Tuesday, March 27, 2012

ricotta cheese - a recipe



Ok, confession time...  Today I have not done any laundry, cleaned the bathrooms, picked up toys or washed my hair, but I have done other very important stuff.  After I finished work this morning, I prepared mixed seeds for making sprouted seed spelt bread, bottled my latest batch of ginger beer, made a batch of rye bread dough, made yoghurt, cooked a delicious warm potato salad with speck, peas and cauliflower, thrifted additions to my silver spoons collection and drum roll please...... made my own ricotta cheese!! 

You might well be thinking "crazy lady, why do it?" (sometimes I think that too!) but making stuff makes me happy.  And this stuff is interesting for me to learn how to do, nutritious for me and my family and is really satisfying to complete.  And I love sharing what I have learnt with you. 
Plain and simple!!

Back to the cheese.  I made spinach and ricotta lasagne the other week and around about that time I came across several recipes for homemade ricotta.  Like I typically do, I thought "I can do that". 

So here it is.  My homemade ricotta cheese.

Heat ingredients until almost boiling.
Line colander with muslin.
Draw the edges in and hang to drain whey.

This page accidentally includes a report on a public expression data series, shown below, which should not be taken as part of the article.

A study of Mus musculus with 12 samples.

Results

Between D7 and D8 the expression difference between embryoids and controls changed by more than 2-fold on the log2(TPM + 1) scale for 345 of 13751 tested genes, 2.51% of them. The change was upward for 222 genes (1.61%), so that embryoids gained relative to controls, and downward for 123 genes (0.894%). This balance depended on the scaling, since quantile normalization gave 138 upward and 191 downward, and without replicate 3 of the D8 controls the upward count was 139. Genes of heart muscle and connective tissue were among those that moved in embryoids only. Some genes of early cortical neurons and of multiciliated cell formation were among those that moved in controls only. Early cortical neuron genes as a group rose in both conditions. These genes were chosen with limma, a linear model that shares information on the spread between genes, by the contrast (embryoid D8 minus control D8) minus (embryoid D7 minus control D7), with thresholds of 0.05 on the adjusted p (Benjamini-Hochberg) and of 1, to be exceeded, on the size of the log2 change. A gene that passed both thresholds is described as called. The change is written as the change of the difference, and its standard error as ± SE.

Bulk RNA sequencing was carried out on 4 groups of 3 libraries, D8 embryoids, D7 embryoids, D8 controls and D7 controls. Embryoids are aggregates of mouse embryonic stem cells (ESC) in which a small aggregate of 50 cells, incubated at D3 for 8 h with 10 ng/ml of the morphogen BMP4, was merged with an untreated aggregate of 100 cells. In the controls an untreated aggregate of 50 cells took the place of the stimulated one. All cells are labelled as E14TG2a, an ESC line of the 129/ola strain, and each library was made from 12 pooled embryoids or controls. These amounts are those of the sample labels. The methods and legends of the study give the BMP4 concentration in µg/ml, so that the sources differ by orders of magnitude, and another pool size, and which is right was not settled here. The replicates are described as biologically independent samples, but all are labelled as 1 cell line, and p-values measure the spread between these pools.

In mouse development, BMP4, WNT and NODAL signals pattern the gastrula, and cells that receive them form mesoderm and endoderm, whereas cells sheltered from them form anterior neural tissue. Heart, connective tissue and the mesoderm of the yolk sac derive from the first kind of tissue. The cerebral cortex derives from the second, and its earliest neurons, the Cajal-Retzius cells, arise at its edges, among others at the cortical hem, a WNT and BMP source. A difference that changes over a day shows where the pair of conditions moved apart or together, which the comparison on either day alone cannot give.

The drained curds - creamy, fresh ricotta cheese.
The whey.

Save the whey for cooking. Use it anywhere you would use milk.
Some of mine will become crepes, yum!!


Ingredients
2lt whole milk (I used unhomogenised Ashgrove Farm milk)
1.5cups buttermilk or 3Tb lemon juice
1 tsp salt

Mix all in large saucepan.
Bring to just under the boil on medium heat. 
Watch closely as it gets nearer to boiling and take off heat just as the first bubbles start to break.
Line a colander with a couple of layers of muslin and set this over a big bowl.
Ladle the curds (solids) and whey (liquid) into the fabric.
Draw edges together and let drain for about 20min.


Have you made your own cheese?  How did you go?


  1. Great, great post! It’s something I have never thought about, really, but it makes a whole lot of sense. Thanks for sharing


    Nailed it on the first try. Can't wait to try ricotta next. (found you on the Frugal Ways bloghop). Thanks for sharing!